Tuesday, November 14, 2006

CM Coffey's offer to personally drive a second ambulance to be considered Thursday.

In today’s Courier-Journal, we find reporter Ben Zion Hershberg back on the New Albany beat, and 1st District councilman Dan Coffey in late-season form:

Second city ambulance could return; Council to consider New Albany plan (short shelf life for some Courier-Journal links).

A New Albany councilman hopes to get the city's second fire department ambulance back on the street through the end of the year by using revenue-sharing funds from the Caesars Indiana casino.

Dan Coffey said he plans to introduce a resolution to authorize the use of riverboat funds to keep the ambulance operating.

Going back a year or more, we see that the present “second ambulance” crisis has at its roots certain budgetary and institutional hiring issues pertaining to the city’s fire department. It’s a complicated matter that NAC does not pretend to understand completely, although at November’s first city council meeting, a consensus seems to have emerged that re-examining a moribund hiring ordinance would be the best place to start in achieving a resolution.

At any rate, such junctures offer the best moments for pausing to watch as CM Coffey leaps forward to offer a handy tourniquet for wounds that usually are of his own making, or breezily co-opting the intellectual capital of others (remember his city attorney ordinance?) for his own personal gain. He'll oppose greater remuneration for city workers today, then return in a few months to propose longevity pay reform with the Coffey brand prominently featured. Like the changing seasons, the rising price of gasoline and White Castle-borne gastrointestinal distress, the default Coffey grandstand generator is an utterly predictable and breathtakingly unsubtle facet of New Albany's political life.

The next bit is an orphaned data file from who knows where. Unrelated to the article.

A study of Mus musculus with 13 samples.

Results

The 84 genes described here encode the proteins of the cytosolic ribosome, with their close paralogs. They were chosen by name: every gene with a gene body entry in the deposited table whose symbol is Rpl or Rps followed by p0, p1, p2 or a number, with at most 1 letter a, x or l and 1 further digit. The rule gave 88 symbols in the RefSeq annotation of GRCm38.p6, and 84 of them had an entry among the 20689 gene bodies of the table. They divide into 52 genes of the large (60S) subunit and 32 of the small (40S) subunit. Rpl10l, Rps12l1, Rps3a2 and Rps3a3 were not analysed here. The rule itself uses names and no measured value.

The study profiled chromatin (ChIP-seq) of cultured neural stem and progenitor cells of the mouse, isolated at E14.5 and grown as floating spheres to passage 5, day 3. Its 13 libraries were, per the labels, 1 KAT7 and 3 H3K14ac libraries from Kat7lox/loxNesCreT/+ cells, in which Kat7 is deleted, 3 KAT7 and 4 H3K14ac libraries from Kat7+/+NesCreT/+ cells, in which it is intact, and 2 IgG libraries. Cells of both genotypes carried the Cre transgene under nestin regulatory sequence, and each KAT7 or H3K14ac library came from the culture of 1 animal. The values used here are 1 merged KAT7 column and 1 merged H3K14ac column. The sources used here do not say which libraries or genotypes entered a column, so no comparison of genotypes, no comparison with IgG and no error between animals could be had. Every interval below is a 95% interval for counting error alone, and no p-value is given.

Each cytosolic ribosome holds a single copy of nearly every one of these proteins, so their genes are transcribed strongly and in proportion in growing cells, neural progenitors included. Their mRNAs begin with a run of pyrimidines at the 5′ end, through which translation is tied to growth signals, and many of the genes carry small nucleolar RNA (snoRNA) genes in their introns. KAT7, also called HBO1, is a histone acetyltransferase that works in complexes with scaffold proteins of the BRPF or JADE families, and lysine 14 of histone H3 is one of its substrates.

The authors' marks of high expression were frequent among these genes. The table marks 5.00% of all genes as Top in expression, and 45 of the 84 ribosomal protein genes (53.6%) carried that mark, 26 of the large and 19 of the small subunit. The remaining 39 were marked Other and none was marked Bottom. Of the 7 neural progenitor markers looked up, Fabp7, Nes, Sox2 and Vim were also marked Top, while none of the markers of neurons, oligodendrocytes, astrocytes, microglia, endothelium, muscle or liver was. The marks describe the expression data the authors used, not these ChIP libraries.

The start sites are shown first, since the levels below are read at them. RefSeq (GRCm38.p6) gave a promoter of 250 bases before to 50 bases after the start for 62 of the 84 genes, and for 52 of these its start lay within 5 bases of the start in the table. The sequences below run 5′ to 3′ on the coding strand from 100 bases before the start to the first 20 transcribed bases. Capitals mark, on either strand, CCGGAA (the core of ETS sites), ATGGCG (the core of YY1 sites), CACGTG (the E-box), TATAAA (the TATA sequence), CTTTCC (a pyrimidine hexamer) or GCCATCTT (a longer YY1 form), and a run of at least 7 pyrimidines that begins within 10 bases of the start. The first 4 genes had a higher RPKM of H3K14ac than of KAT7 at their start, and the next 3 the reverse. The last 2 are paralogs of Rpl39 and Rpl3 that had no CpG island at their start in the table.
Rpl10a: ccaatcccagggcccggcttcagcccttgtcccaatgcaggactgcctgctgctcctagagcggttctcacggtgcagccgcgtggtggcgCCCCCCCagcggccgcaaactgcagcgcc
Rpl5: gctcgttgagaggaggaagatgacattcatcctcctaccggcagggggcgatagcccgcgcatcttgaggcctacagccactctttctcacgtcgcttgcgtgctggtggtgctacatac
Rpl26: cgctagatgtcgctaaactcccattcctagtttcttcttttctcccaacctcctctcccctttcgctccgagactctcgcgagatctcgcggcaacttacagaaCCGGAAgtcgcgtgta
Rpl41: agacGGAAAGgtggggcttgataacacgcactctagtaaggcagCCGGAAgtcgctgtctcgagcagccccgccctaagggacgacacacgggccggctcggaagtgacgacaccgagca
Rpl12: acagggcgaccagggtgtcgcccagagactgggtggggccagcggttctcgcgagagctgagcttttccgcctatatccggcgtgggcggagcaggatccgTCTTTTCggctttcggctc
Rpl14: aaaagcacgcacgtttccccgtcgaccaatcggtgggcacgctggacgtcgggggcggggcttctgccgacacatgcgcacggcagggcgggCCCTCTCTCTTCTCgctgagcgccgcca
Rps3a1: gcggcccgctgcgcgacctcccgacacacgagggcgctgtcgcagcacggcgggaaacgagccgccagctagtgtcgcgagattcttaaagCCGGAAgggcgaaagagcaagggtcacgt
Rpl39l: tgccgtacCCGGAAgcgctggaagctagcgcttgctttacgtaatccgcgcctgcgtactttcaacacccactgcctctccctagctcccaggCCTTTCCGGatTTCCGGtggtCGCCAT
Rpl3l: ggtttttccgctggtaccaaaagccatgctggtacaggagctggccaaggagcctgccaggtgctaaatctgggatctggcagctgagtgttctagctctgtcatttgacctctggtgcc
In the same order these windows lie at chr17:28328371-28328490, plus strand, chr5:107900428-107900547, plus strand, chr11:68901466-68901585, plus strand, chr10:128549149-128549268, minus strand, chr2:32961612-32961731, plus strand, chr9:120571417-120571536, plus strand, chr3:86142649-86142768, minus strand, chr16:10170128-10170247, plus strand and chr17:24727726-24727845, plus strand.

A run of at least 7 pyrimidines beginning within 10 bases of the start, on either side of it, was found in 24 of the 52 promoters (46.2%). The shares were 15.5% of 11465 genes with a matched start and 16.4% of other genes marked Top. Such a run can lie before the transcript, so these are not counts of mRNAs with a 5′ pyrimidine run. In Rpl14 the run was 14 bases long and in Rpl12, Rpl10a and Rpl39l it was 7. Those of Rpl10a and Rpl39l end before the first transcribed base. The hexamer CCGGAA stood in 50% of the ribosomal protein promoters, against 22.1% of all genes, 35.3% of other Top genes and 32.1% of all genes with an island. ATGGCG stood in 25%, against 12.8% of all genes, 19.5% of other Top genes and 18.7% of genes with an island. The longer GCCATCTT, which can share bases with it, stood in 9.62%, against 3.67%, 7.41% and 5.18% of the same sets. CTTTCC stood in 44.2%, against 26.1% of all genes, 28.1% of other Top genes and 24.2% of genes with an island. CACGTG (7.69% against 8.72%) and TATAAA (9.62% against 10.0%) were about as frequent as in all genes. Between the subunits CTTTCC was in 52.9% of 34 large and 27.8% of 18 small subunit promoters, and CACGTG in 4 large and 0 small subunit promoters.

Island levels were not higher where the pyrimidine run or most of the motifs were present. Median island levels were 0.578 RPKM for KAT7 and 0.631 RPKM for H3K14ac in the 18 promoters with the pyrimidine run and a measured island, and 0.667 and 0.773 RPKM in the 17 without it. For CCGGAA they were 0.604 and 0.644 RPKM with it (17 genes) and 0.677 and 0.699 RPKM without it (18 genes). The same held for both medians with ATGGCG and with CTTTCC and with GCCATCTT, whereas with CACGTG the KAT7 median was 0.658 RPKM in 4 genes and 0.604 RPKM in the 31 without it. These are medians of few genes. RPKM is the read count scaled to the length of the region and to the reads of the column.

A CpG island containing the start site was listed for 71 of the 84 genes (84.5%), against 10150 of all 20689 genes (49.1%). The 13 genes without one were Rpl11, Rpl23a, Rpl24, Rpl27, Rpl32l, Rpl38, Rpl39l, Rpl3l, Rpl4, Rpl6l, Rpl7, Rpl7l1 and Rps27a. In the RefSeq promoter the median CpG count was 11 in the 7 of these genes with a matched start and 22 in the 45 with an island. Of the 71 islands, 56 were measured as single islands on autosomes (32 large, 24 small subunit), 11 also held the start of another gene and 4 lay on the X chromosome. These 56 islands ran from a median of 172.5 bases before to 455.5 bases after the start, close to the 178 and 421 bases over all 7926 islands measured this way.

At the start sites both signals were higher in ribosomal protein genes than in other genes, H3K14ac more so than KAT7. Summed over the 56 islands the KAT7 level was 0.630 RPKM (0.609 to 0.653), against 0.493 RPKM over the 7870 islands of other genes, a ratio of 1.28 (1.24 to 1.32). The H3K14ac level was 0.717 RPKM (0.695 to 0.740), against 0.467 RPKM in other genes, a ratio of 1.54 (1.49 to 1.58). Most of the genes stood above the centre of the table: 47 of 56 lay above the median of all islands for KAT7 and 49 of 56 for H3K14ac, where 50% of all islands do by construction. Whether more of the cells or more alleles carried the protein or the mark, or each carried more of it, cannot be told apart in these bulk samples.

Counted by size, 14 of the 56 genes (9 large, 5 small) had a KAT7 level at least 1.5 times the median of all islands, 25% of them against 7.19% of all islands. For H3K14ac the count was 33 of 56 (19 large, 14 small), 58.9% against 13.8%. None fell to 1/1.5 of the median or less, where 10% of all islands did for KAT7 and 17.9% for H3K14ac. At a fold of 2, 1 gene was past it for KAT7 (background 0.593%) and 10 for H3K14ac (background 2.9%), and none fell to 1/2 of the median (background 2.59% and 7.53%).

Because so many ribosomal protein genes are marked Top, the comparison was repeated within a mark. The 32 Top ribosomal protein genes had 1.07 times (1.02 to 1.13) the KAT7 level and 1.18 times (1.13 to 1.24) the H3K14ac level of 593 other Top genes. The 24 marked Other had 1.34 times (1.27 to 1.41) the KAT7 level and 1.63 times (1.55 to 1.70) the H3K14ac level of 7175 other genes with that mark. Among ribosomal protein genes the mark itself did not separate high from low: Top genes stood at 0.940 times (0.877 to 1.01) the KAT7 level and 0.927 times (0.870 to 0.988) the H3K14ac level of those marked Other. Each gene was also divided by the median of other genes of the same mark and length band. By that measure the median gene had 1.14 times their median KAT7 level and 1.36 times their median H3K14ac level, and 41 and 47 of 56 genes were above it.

Given the background of the “second ambulance” issue, CM Coffey has been on as many sides of it as a cat burglar exploring the perimeter of your house for an unlocked window, and as has been the Wizard’s persistent habit throughout two self-aggrandizing council terms, the ultimate object is not so much finding a truly workable solution to a pressing problem as it is locating the best place for a temporary bandage applied with appropriate bedside manner, i.e., middle finger raised in the direction of City Hall, by the friendly neighborhood ward heeler.

In short, it’s politics as usual from the reigning Caudillo, and the New Albany Syndrome yet again writ large – to the detriment of all, but with the 2007 electoral calendar now in play, perhaps the end times draw near for our collective embarrassment.